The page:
Culinary Flashbacks

He has a long history with food. He ain't the fat kind though. Far from obese, he's lean and lanky. It's unfair. But that's how it is. The way he speaks of food, makes your mouth water.

When he was in college, campus life treated him to many delights. In his days, there used to be a guy who used to vend omelettes through a pigeon hole in the compound wall. After past midnight case discussions and team meetings, they walked down in gangs and surrendered themselves to the guilty pleasure of cheesy warm omelettes sprinkled with black pepper. He would fork out the tiny bits of green chilies. And relish the rest. Order a couple of refills if need be. He barely ate the dinner in the hostel mess. And hence, the calories never showed up.

He worked in Calcutta for a bit. A few years I guess. The city that would set your palate straight. It's so difficult to think of anything else when you are in Calcutta. Anything but food. But he wasn't in for the street food. The chaats and the pani puris. There were, are these shanties, in corners of streets. Their roofs made of hay and tilted walls nearly falling apart. These shanties dish out lunch meals as early as eleven. In the A M. And the beeline in front of them, men scattered around, holding plates made of sal leaves never seemed to dwindle. He used to be a fan of these.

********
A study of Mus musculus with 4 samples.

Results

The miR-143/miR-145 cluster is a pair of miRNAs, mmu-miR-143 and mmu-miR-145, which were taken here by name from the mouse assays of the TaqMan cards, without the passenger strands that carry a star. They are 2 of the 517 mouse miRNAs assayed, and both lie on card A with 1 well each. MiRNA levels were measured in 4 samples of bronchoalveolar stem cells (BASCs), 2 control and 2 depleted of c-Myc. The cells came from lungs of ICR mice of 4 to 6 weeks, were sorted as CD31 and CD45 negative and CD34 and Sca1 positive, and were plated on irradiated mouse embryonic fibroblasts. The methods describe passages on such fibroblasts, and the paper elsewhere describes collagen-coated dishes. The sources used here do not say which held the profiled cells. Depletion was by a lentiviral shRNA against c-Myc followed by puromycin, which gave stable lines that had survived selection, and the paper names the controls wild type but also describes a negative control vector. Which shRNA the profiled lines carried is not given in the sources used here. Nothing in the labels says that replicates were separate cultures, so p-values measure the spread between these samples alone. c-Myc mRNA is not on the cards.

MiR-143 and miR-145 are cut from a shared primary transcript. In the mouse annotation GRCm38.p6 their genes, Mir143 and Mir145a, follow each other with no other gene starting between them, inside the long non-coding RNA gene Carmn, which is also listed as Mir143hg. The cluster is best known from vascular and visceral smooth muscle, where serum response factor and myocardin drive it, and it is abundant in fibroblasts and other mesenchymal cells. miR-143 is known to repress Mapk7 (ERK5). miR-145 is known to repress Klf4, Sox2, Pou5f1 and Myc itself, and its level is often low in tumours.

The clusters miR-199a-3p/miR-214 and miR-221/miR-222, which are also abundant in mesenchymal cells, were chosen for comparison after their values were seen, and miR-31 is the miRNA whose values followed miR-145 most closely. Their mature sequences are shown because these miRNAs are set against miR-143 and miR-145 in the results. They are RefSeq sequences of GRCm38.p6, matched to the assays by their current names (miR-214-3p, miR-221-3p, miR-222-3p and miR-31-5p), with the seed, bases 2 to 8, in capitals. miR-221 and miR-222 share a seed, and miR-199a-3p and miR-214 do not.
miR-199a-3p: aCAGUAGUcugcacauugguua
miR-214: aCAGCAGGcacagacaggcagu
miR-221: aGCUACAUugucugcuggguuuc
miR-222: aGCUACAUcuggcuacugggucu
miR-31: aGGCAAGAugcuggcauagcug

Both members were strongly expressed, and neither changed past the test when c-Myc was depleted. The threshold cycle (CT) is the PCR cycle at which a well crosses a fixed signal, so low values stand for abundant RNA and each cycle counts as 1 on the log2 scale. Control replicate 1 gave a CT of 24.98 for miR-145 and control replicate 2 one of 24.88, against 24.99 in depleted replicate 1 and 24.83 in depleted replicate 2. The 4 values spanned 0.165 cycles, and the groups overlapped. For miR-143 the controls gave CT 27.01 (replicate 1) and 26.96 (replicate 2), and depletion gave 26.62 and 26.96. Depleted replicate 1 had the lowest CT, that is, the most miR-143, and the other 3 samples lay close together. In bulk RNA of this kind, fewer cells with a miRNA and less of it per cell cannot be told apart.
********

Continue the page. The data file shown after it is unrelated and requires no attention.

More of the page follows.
Since he used to be, I used to be. He told me, they served steaming hot rice and dolloped with lentils cooked in vegetables, potatoes, pumpkin, papaya. There would be a lump of sweet and sour dessert of dates and tomatoes. On the edge, you could get a slice of lemon with salt and a green chilly. And a dish or two more. But he was more nuts about the fish in mustard than about anything else. Pieces of deep fried fish simmered in a paste of mustard and garlic. The aromas would disintegrate before me every time he brought up the fish. Garnished in fresh coriander. He would go on about the patrons of the shanty if I didn't stop him. But then again, that was very very long ago. Now, I wonder what he eats. Where he lives. And what his newly wed wife cooks for him.